The late philosopher Norm MacDonald once observed that while it takes years of training to get a pilot’s license, it only takes a couple of minutes to steal a pilot’s jacket and hat.
The doctrine of FAAAA preemption provides another avenue for one to profit by stealing from the airline industry. By “one,” we mean freight shippers and brokers, who are in some jurisdictions able to take advantage of a quirk of federal law to win dismissal of claims arising out of motor vehicle accidents.
First, the background: the Federal Aviation Authorization Administration Act (“FAAAA”), codified at 49 U.S.C. § 14501(c)(1), prohibits states from “enact[ing] or enforc[ing] a law, regulation, or other provision having the force and effect of law related to a price, route, or service of any motor carrier . . . or any private motor carrier, broker, or freight forwarder with respect to the transportation of property.” So, if a shipper is sued under a theory of negligent selection or hiring as part of a personal injury claim arising out of a motor vehicle accident involving their freight, the shipper can argue that the plaintiff’s state law claims are preempted by the FAAAA because those tort claims are based on state common law relating to the service of a motor carrier “with respect to the transportation of property.” And if a claim is preempted, it is dismissed, which is a good thing for you.
Naturally, there is a catch. Under § 14501(c)(2)(A), claims based under a state “regulatory authority … with respect to motor vehicles” are not preempted. This is known as the “safety exception,” and its application has been the source of much judicial consternation.
While the federal 7th and 11th Circuits, among others, have held that the “safety exception” does not apply to tort claims (thus holding that those claims are preempted), the 9th Circuit – which covers nine western states, two territories and twenty percent of the United States’ population – held in the case Miller v. C.H. Robinson Worldwide that state common law does regulate the safety of motor vehicles and, therefore, those claims are not preempted. Consequently, an entity sued under a theory of negligent hiring, negligent selection, or vicarious liability in any jurisdiction following the 9th Circuit’s analysis (which the Supreme has so far Court declined to review) will in all likelihood be stuck in litigation for the long haul, even if the entity’s only involvement in the matter was the initial brokering of a freight load. Elsewhere, whether the exception applies to tort claims is an open question, and the last thing you want is to go through years of litigation only for an appeals court to hold that the safety exception does, in fact, apply to you. So, while we wait for either a professorial textual analysis of 49 U.S.C. § 14501(c)(1) by Justice Gorsuch and/or a poem adjacent to the subject by Justice Sotomayor, what can you as a broker or shipper do to protect yourself? Aside from refusing to send freight to California (which may be advisable for several other reasons), you’ve got a few options to consider:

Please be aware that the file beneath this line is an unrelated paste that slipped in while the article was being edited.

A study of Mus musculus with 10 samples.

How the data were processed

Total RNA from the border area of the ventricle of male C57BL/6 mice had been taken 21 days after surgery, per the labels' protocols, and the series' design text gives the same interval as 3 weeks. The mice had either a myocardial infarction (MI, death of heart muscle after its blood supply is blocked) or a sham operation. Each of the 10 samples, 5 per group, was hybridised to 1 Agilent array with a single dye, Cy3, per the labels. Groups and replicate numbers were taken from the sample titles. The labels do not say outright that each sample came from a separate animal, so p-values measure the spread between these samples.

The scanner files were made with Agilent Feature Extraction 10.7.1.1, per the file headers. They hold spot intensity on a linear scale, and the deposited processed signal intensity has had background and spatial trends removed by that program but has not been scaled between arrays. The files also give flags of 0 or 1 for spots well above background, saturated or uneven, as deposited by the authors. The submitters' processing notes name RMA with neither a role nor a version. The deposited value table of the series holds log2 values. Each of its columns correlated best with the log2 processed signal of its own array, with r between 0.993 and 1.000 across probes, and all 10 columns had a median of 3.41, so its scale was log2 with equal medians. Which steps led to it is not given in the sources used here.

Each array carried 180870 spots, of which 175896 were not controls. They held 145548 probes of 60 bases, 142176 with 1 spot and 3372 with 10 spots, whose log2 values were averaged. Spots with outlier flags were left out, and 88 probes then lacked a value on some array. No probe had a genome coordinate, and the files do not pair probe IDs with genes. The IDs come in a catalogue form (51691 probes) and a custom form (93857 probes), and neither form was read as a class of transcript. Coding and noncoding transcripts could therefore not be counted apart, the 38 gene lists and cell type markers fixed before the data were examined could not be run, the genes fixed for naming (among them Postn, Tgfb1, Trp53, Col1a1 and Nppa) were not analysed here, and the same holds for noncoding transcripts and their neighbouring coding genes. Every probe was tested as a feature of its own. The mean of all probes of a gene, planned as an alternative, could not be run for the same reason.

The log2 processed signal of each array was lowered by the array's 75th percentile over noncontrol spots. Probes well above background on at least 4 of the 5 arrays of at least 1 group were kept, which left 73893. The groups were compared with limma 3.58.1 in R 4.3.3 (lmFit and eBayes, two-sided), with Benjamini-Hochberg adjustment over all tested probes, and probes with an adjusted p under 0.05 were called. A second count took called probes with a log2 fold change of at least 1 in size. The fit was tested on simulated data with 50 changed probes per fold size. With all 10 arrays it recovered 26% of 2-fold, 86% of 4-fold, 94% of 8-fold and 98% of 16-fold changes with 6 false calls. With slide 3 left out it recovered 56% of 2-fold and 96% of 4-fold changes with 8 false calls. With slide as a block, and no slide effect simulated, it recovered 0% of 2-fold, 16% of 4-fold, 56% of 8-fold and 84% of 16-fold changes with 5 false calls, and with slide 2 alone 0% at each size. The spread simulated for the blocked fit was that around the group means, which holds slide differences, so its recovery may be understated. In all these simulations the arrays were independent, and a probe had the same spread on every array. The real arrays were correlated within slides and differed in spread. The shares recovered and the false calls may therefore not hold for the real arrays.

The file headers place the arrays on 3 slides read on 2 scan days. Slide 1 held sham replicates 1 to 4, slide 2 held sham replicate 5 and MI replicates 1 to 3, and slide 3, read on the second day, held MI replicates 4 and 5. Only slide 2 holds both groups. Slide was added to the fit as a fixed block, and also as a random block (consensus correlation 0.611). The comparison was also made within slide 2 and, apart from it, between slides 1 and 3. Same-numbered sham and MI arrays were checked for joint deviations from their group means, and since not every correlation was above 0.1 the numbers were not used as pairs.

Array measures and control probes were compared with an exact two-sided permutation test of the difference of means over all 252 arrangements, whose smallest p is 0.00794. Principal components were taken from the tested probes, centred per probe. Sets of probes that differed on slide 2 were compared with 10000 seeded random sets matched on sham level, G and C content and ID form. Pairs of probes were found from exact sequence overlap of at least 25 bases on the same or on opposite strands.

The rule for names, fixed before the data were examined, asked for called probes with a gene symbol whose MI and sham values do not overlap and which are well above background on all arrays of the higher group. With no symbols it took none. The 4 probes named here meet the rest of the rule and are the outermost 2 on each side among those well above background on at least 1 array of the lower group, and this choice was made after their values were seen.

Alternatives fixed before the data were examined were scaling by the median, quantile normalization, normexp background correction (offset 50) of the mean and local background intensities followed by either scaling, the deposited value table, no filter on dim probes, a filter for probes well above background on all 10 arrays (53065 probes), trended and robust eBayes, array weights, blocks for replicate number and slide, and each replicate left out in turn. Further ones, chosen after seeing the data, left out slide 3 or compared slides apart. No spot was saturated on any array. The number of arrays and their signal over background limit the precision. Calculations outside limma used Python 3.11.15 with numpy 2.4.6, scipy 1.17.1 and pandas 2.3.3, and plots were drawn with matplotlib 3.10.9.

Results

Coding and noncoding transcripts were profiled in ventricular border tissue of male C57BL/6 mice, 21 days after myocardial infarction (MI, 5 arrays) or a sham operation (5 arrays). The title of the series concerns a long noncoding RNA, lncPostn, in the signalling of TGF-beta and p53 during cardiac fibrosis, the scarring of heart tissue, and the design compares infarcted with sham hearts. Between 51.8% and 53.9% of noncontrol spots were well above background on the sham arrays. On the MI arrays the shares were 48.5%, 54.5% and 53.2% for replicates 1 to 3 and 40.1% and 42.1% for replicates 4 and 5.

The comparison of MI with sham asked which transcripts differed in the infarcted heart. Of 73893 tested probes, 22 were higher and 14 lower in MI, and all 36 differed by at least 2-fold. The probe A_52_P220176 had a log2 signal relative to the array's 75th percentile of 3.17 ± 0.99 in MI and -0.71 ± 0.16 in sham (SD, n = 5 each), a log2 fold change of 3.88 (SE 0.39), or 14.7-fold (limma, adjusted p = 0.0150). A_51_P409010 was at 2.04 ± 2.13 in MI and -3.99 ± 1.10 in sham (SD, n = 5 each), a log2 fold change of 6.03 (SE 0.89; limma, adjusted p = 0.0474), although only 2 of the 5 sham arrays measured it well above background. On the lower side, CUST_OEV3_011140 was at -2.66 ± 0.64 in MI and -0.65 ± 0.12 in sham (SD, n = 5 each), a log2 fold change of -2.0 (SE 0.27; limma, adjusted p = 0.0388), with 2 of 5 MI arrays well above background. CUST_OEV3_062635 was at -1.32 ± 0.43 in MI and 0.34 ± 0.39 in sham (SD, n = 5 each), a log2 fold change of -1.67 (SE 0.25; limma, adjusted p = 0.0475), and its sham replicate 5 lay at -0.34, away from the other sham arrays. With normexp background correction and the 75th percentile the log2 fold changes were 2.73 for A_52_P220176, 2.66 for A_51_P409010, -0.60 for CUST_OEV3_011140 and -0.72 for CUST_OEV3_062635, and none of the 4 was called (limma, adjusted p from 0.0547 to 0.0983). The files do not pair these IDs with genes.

Consider whether you should restrict the ability of your sub-contractors to use their own sub-contractors (a good idea in any case), and make sure your shipping agreements give you the ability to approve or deny any proposed entity in the chain of custody. Each time your freight is sub-contracted, your situation vis a vis negligent selection and/or brokering becomes more complex. Separation from a negligent entity can be a good thing, but you cannot use a ladder of transactions to willfully turn a blind eye to dangerous practices.
If you allow your sub-contractors to also find their own sub-contractors, keep track of and an eye on who ends up in the chain. Always make sure that you know each entity that is in any way responsible for your freight, and make sure that you approve of those entities. If you know that a sub-contractor is unfit for the job, make sure you intervene to keep the load out of their hands (so long as you have a contractual right to do so).
Pay attention to who shows up to take your freight. What does their truck look like? What does their record reveal? How are they handling themselves? If you find yourself concerned, don’t be afraid to send him or her home – delays are far less costly than verdicts.
Keep your equipment in order. Direct claims for negligent maintenance of brakes or negligent loading can be made against any party, regardless of whether they are a shipper or broker.
If you’d like advice on how your business can minimize the risk of shipper or broker liability, please contact Anthony Tamburro (email@example.com) at (804) 377-1268 or Steve Setliff (firstname.lastname@example.org) at (804) 377-1261.